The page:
Philosopher George Santayana once said, “Those who do not learn their history are doomed to repeat it.” Santayana’s statements have rung true throughout history, long before he said it and many times since then. It wasn’t until this summer, when I took a Vietnam course at my university; I realized it has been ringing true in the United States for over a decade and a half. Over the three weeks of the Vietnam course we talked much about why North Vietnam succeeded and why the United States, a much more dominant military force, ending up fleeing before South Vietnam was ultimately defeated in 1975.

I began to notice many similarities in those reasons with the reasons the United States is currently struggling to claim victory in Afghanistan. No two wars are exactly alike, but many are eerily similar, and to neglect Santayana’s words would cause nothing but disastrous results. While there are multiple similarities to choose from between the Vietnam War and the War in Afghanistan, this article will focus on just four of the big ones.

Overconfidence Of U.S. Military Capabilities

The United States became the world’s sole superpower after World War II in 1945 and since then it has been involved in four major ground wars: Korean War, Vietnam War, Gulf War, and the wars in Iraq and Afghanistan (part of the Global War on Terror). Three of those four wars have ultimately been failures for the U.S. government and military, with the lone exception of the Gulf War.

As Michael Schulson points out in his 2015 article for Salon, the United States since World War II has gone to war overconfident about how the war will turn out. Each opponent to the U.S. in its past four wars has been militarily inferior, and the United States military has seen that as a fatal weakness. However, the U.S. has failed on taking account of factors such as getting along with the people of the countries and respecting their cultures; neglected factors that have in fact turned out to be a fatal weakness for the U.S.

No Explanation For Why The U.S. Is There

Similarly to the Vietnam War, many American soldiers fighting in Afghanistan are unsure exactly why they are fighting there, as pointed out in the 2010 documentary Restrepo. Most U.S. soldiers when asked why they are fighting in Afghanistan answer with terrorism and insurgency. This is extremely parallel to U.S. soldiers’ answers over 50 years ago as to why they were fighting in Vietnam, which they answered was to combat the threat of Communism, according to Rotter in his book, Light at the End of the Tunnel.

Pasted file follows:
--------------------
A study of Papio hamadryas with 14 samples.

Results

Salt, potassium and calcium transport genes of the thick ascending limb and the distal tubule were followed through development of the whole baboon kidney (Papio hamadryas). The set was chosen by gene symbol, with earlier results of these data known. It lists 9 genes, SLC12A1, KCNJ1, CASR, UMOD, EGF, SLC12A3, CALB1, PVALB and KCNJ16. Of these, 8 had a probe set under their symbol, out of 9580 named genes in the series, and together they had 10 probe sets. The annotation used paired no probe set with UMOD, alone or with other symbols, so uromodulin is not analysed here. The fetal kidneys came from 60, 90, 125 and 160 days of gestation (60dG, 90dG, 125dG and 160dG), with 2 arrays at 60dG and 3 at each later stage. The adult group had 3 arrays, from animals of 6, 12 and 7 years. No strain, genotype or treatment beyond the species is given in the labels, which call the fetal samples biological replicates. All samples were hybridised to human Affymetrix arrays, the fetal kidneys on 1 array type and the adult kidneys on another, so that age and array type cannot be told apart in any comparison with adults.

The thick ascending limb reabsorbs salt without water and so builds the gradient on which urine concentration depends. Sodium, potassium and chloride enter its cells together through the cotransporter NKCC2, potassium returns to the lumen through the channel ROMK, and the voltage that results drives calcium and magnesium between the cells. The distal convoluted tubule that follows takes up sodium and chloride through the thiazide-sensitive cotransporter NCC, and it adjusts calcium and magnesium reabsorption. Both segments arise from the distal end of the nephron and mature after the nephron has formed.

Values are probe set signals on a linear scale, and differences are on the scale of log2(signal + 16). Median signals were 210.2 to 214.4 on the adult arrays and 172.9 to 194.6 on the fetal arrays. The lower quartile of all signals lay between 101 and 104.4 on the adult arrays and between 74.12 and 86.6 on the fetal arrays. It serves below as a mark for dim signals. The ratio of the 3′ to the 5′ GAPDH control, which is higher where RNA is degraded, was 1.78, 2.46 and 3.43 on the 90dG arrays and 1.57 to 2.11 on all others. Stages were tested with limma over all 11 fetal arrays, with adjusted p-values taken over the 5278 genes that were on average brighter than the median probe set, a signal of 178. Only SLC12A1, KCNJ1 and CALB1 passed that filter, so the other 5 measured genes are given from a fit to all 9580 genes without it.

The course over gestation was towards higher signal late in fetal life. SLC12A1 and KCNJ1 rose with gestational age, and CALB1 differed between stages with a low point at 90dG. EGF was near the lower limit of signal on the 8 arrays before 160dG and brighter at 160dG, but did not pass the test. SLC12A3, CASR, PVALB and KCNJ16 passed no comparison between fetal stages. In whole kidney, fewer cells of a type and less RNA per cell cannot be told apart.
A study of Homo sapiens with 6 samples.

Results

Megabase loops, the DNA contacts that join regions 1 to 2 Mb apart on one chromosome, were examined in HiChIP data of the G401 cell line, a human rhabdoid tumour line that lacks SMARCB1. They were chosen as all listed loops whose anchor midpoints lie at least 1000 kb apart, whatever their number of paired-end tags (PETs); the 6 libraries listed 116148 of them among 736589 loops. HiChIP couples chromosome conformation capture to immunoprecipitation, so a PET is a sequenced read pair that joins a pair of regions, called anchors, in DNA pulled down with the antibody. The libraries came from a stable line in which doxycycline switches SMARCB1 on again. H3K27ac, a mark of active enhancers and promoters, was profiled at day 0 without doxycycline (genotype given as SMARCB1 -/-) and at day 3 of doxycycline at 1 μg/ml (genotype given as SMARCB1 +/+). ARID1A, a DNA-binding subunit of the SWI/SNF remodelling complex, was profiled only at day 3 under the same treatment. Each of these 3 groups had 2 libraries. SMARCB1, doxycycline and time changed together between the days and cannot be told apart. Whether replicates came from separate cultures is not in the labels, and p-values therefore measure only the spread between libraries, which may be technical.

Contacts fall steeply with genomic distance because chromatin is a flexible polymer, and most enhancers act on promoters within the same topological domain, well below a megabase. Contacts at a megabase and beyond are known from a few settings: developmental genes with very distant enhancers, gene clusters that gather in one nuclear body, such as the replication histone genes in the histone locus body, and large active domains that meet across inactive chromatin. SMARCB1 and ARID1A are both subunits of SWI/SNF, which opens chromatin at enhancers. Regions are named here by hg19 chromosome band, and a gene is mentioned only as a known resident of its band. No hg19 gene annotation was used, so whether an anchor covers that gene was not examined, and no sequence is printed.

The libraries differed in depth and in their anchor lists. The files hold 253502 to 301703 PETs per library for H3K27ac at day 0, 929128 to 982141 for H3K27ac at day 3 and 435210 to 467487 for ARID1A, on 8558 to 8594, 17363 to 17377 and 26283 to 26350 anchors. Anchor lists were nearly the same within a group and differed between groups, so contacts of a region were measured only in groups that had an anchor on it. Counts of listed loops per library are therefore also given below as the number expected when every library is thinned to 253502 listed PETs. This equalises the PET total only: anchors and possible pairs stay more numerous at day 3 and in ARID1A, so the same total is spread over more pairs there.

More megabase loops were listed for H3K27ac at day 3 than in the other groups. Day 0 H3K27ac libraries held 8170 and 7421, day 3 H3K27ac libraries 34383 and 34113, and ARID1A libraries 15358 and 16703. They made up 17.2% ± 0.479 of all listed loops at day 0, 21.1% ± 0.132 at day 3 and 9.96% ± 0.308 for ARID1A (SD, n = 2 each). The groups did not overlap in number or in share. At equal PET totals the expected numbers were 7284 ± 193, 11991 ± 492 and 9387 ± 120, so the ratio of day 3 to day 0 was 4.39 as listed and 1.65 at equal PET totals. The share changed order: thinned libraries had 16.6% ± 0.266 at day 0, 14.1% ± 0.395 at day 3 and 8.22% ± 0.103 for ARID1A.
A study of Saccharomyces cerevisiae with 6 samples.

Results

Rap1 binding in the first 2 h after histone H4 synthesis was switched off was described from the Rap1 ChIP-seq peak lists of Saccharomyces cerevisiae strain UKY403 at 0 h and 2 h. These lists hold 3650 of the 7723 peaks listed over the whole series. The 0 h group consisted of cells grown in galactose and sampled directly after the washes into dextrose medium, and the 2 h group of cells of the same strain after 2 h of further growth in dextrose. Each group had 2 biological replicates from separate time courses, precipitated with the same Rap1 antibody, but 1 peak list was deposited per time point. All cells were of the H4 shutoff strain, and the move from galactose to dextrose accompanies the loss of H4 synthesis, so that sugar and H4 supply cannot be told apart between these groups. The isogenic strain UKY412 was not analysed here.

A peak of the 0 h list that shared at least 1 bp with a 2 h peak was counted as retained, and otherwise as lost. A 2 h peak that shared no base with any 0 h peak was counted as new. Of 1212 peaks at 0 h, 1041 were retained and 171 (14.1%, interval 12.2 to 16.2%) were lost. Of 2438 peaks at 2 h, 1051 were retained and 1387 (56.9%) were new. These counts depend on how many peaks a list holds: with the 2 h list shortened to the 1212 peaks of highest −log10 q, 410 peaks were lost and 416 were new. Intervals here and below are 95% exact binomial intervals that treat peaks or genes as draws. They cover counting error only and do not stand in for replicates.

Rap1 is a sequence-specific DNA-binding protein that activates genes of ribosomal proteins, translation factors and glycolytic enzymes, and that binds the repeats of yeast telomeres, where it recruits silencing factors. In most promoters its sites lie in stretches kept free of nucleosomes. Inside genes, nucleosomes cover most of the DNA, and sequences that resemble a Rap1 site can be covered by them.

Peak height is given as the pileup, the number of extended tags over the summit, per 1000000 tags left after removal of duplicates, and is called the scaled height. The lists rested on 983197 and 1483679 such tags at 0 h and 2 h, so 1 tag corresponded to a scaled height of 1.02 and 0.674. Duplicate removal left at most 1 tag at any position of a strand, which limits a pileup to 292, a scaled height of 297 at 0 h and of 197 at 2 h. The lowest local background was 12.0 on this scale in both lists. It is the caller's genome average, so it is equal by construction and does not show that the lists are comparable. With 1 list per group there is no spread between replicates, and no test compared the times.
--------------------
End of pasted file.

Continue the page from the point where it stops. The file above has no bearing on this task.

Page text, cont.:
It is crucial in any conflict to have an objective, but when the objective is vague it is comparable to a weak link in a chain, allowing morale to quickly drop and soldiers questioning whether they are truly the “good guys” in the war.

Billions Of Dollars Spent With No Results

According to the same novel by Rotter, by 1975 the United States had spent over $140billion ($665billion in 2018) on the Vietnam War. According to Jeanne Sahadi, writing for CNN Money, the United States has spent around $840billion fighting in Afghanistan as of 2017.

It would most people’s hope that spending over half a trillion dollars in a war would ensure that the war was won; yet in Afghanistan (and Vietnam) the United States saw little to no results in victory or in completing any concrete objectives. North Vietnam ending up defeating South Vietnam in April of 1975, and the Taliban and other insurgencies are still prevalent in Afghanistan today. This flood of massive amounts of money into war leads to the fourth and final similarity between the Vietnam War and the War in Afghanistan, the decline of public support.

Decline Of U.S. Public Support In The War

Both the Vietnam War and the War in Afghanistan saw and have seen massive amounts of money spent and many American lives lost, but with little chance of victory or accomplishing anything important. While the U.S. public may put up with such factors for a little bit of time, eventually it will result in most of the American public calling on their representatives to put an end to the war.

According to an article in the New York Times, in October of 1965 around 64% of the American public approved the involvement of the United States in Vietnam; however, by September of 1970 55% of the American public wanted all U.S. troops to be brought home by the end of 1971. In five years the American public had almost completely switched its views on the United States fighting in Vietnam.

Those percentages are quite similar today for the American publics support of the United States fighting in Afghanistan. In September of 2008, almost seven years into the War in Afghanistan, around 61% of the American public supported keeping troops there until the situation had stabilized, according to an article written in the Atlantic. However, just three years later in June of 2011 only 39% of the American public felt the same way, and around 56% of Americans wanted to remove U.S. troops as soon as possible.